For the first time in a half century, the National Park Service is revisiting one of the world’s most iconic monuments – The Gateway Arch – to integrate the magnificent memorial and its grounds with St. Louis, the Mississippi River and Illinois on the other side. They’ve announced a new international design competition, calling on the world’s best designers and architects. The competition starts now.
This story begins in September 1947, when a national design competition was held to produce a memorial to Thomas Jefferson’s Louisiana Purchase and the era of American Westward Expansion. The jury chose the most audacious entry – a gleaming 630-foot stainless steel arch, the first of several masterpieces by the gifted but short-lived Eero Saarinen.
Completed in 1965, the Gateway Arch instantly became an international destination and won immediate recognition as one of the world’s premier works of public art.
Time has been kind to the Arch, which still astonishes with its boldness and beauty. The grounds immediately surrounding it, designed by the late Dan Kiley, are also widely regarded as a masterpiece. But the site has become a kind of island – severed and isolated from the rest of the city – on its west, north, and south – and from the Mississippi River and points east.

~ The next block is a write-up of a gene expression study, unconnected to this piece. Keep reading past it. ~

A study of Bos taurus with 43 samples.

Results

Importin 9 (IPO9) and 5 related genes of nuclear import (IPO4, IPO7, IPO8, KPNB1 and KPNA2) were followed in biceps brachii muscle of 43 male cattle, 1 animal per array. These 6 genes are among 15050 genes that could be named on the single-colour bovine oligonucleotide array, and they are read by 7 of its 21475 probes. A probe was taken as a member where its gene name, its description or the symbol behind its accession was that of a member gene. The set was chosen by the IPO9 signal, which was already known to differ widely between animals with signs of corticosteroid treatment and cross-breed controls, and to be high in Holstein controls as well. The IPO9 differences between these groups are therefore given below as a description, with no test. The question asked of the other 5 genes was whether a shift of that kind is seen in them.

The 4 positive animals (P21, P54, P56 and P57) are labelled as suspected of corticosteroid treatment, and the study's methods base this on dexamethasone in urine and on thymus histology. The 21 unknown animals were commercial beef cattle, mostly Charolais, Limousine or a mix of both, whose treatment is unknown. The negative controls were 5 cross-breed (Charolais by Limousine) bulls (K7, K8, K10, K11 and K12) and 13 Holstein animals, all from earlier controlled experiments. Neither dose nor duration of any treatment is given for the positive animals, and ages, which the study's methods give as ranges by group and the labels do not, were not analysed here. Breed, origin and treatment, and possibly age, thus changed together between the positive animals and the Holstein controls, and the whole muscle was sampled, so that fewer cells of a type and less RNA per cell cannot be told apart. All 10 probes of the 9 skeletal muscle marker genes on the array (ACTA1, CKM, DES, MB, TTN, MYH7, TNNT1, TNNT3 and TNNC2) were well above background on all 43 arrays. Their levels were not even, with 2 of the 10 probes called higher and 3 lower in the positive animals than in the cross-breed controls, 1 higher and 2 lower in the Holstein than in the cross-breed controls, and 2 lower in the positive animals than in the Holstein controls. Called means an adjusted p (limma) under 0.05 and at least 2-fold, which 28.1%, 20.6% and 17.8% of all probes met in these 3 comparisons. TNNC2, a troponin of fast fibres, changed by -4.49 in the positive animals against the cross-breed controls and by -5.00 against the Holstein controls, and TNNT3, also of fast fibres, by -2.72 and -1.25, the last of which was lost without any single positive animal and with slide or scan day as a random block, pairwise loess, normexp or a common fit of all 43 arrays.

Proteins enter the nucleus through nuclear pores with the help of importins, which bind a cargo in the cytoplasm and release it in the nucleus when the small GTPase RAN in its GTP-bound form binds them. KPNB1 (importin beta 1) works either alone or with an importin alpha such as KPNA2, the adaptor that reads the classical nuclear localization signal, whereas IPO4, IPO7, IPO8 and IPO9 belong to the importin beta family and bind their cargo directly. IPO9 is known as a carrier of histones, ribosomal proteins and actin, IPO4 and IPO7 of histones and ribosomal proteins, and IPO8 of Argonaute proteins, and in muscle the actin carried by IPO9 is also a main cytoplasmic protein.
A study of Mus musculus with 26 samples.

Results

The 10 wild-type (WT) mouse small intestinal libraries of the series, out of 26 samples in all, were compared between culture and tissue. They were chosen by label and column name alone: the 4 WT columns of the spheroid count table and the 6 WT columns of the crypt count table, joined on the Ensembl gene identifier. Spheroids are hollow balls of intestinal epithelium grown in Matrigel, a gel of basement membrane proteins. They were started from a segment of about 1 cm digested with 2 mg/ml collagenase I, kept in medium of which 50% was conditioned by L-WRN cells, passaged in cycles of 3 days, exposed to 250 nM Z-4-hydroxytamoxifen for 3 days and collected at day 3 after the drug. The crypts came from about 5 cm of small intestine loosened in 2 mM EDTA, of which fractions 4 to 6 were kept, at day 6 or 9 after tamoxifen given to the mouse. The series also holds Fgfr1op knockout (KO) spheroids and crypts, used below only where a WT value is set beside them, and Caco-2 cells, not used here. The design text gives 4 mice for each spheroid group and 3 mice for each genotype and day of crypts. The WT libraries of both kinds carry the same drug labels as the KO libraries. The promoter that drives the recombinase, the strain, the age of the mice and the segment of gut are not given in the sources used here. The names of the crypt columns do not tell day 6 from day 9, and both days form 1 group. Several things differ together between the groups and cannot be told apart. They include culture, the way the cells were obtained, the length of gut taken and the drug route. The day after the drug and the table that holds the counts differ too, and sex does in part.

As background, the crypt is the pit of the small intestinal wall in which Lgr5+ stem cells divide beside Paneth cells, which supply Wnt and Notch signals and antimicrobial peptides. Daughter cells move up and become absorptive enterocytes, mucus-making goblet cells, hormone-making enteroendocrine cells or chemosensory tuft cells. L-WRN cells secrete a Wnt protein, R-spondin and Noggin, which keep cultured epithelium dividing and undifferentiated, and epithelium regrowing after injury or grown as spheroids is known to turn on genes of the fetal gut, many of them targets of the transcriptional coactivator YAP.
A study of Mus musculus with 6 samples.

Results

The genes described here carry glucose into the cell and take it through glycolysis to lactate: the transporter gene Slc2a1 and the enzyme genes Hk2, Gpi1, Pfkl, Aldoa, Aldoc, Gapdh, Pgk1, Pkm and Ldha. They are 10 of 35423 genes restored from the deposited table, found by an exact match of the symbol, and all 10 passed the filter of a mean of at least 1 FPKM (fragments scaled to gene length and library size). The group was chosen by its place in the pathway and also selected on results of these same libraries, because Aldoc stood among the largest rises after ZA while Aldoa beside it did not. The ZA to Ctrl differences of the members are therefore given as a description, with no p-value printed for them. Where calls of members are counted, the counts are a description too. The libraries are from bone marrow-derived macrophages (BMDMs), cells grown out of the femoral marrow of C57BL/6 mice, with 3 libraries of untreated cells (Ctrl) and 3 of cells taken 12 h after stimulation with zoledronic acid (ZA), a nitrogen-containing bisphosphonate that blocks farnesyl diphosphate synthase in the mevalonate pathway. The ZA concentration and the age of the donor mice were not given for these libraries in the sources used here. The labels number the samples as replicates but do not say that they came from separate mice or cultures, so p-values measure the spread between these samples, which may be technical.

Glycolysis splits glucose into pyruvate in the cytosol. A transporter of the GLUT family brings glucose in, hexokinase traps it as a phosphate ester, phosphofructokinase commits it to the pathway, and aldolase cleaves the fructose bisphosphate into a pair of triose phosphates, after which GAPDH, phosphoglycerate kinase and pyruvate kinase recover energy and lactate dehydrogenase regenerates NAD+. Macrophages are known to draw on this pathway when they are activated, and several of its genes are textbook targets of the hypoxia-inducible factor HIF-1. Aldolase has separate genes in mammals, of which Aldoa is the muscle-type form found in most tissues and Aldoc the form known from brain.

Now, in the spirit of Saarinen, new inspiration is being sought. A call has been issued in accordance with a new General Management Plan by the National Park Service to better “frame” this American masterpiece. The goals: weave it back into the fabric of the city and the region … rejuvenate connections … welcome and draw people for repeated visits … and re-energize the region for living, working and visiting. As in 1947, this competition aims to invite and extract “the best from the best” to create a model for integrating open space into a city’s urban fabric. All with a construction finish line of October 28, 2015 … the 50th anniversary of the completion of the Arch.